Rehberg Opinion: Congress Must Find a Way to Pass Farm Bill - 8/14/12
It’s no secret that things in Washington, D.C. are a mess. What’s less commonly understood is that, while the gridlock between Republicans and Democrats grabs headlines, for Montana the bigger conflicts arise between rural and urban interests.
President Obama is from Chicago. Meanwhile, some of his key Cabinet posts were filled by other big-city nominees. Hilda Solis, for example, took the helm at the Department of Labor. She’s from Los Angeles. Lisa Jackson, is from New Orleans and worked in New Jersey before assuming the post as the Administrator of the Environmental Protection Agency.
And this urban bias has reared its head in policy. Again and again, Washington, D.C. shows how out of touch it is with rural America, and we are forced to fight back to protect our way of life. Here are a few examples:
* Last month, the Senate voted to resurrect the old Death Tax and impose it on any family farm valued at more than $1 million. According to the US Department of Agriculture, the average farm in Montana is worth more than $1.6 million. Fortunately, the U.S. House has passed legislation to prevent this tax, and many others, from going up.
* The Department of Labor proposed a so-called “Youth Ag Rule” to severely limit the type of work young people are allowed to do on farms and ranches. This rule was not only insulting to producers who make safety a way of life, but it was a threat to the future of the family farm in America. I led the fight to have this rule removed and included a provision in the Department of Labor funding bill to prevent them from taking any further action to advance it.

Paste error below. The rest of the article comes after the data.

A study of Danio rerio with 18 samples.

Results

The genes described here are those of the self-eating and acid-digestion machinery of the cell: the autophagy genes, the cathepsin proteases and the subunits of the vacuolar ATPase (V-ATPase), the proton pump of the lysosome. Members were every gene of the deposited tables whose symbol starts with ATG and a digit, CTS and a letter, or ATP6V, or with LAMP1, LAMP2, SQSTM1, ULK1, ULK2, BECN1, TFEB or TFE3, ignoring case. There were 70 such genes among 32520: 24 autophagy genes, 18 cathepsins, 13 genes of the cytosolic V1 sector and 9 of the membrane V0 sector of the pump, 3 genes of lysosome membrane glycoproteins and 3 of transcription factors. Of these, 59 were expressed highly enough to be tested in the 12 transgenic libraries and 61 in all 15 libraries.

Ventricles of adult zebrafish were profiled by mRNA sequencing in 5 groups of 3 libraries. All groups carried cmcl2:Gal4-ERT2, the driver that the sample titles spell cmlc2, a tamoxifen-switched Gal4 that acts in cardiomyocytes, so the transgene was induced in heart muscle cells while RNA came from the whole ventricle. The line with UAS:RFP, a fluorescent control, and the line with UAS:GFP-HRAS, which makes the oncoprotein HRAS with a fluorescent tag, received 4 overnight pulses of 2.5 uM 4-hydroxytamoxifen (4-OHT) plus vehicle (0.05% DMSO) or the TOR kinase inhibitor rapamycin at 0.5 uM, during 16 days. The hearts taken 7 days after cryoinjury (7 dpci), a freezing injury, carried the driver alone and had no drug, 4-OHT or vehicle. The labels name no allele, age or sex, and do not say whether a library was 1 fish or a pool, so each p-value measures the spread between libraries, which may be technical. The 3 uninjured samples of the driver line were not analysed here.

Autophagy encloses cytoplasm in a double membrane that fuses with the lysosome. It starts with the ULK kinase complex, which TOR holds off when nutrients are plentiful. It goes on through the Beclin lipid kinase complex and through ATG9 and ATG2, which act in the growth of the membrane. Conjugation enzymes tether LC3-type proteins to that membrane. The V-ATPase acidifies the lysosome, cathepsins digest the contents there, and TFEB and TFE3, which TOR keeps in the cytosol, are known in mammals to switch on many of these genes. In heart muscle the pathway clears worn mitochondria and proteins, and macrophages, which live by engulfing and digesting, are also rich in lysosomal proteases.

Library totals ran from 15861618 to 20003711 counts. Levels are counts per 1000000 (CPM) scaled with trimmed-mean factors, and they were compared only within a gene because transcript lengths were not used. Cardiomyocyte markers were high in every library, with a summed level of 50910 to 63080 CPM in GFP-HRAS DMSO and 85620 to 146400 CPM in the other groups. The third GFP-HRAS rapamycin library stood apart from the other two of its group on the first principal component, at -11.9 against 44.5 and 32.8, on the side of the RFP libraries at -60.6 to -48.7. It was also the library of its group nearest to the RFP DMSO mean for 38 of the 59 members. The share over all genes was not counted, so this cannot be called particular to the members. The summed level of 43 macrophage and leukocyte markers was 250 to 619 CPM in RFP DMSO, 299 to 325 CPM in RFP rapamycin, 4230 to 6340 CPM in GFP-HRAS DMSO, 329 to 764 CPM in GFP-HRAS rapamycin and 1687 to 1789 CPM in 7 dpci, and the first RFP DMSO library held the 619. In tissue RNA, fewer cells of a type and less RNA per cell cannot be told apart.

* The Environmental Protection Agency (EPA) wants to expand the authority of the Clean Water Act to include “non-navigable” water, giving them regulatory jurisdiction over just about any water anywhere including melted snow, mud puddles and prairie potholes. I introduced and got passed an amendment to the Energy and Water spending bill to stop this power grab.
* EPA fuel storage regulations would require producers with 1,320 gallons of total fuel storage to enact an oil spill prevention plan, and producers with over 10,000 gallons aggregate storage would have to have that plan professionally certified. So working with my colleagues in the House, we responded by passing the FUELS Act to protect farmers from this costly and unnecessary federal requirement.
* Grain bin “sweep auger” rules crafted by the Occupational Safety and Health Administration (OHSA) were so poorly defined they led to industry-wide confusion about what was needed to avoid costly fines. For example, OSHA warned that “an employee cannot work inside a bin while an unguarded sweep auger is in operation,” but failed to define “unguarded” (sweep augers cannot function properly if they are completely guarded). So I added legislative language to the Labor Department Appropriations Bill to prevent OSHA from implementing these regulations in a way that is unworkable for Montana's grain elevators.
These are just a few of the more egregious examples, and I share them to make an important point. Under President Obama, rural representatives have our hands full.
Ideally, Congress would focus its time crafting a new Farm Bill to provide a critical safety net for Montana’s farming and ranching families and a level of certainty for all the small businesses that depend on our state’s agriculture industry. Unfortunately, a significant amount of time is needed to serve our function as a check and balance to President Obama’s harmful anti-rural agenda and undo damage caused his rubber-stamp Senate.
But as our ag industry struggles with everything from droughts to floods and wildfires, there is simply no excuse for further delay in passing a Farm Bill. House leaders have a responsibility to bring the Farm Bill to the floor to move the process forward in a timely manner. I told them as much in a letter I sent them along with a handful of rural colleagues.
The feedback I’ve heard from Montanans at more than 100 public listening sessions could not be more urgent. I’m ready and eager to return to Washington, D.C. at any time to finish this important work.